At The New York Review of Books, Ian Johnson reviews the new English version of Yang Jisheng’s Great Famine history, Tombstone, comparing it with other books on the subject by Zhou Xun and Frank Dikötter. The review includes a grisly summary of the famine’s causes, course and consequences.
Yang’s travails in piecing together the book are part of its lore. As a reporter for the government’s Xinhua news agency, he had been a blindly loyal Party member. The turning point was the 1989 Tiananmen Square massacre: “The blood of those young students cleansed my brain of all the lies I had accepted over the previous decades.” That made him determined to write the history of the Great Famine, which had touched him directly: he had watched his father die in front of him, at the time thinking it was an isolated tragedy and only later realizing that tens of millions had also died.
[…] His main point is to prove that the Party, from the village chief up to Chairman Mao, knew exactly what was going on but was too warped by ideology to change course until tens of millions had died. Like Solzhenitsyn’s Gulag Archipelago, the book is a cry of outrage from a victim. Yang vowed to erect for his father an everlasting tombstone, one that would not crumble or fall with time, and he did so with this book.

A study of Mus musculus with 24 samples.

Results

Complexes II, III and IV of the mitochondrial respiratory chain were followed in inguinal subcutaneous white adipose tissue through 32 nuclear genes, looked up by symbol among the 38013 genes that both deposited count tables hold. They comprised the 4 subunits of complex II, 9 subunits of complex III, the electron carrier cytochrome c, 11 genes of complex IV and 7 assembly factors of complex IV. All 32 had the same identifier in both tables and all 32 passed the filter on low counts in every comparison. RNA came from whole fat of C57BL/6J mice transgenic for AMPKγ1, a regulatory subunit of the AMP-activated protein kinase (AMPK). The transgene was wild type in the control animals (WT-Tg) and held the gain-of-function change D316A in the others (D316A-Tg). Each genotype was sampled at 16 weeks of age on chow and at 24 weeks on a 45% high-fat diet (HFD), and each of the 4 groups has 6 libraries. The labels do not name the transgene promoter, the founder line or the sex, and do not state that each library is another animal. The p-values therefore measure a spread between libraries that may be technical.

[… E]arlier this year a national newspaper ran a multipage supplement on the famine—an unprecedented recognition of this disaster. When I asked an editor at a leading Party newspaper why this was, he had a one-word answer: “Tombstone.”
It would be simplistic to say Tombstone alone has set off this rethinking of Chinese history. Instead, like any great book it is part of something bigger, in this case a desire by many Chinese people to reconsider their society’s future by clarifying its past.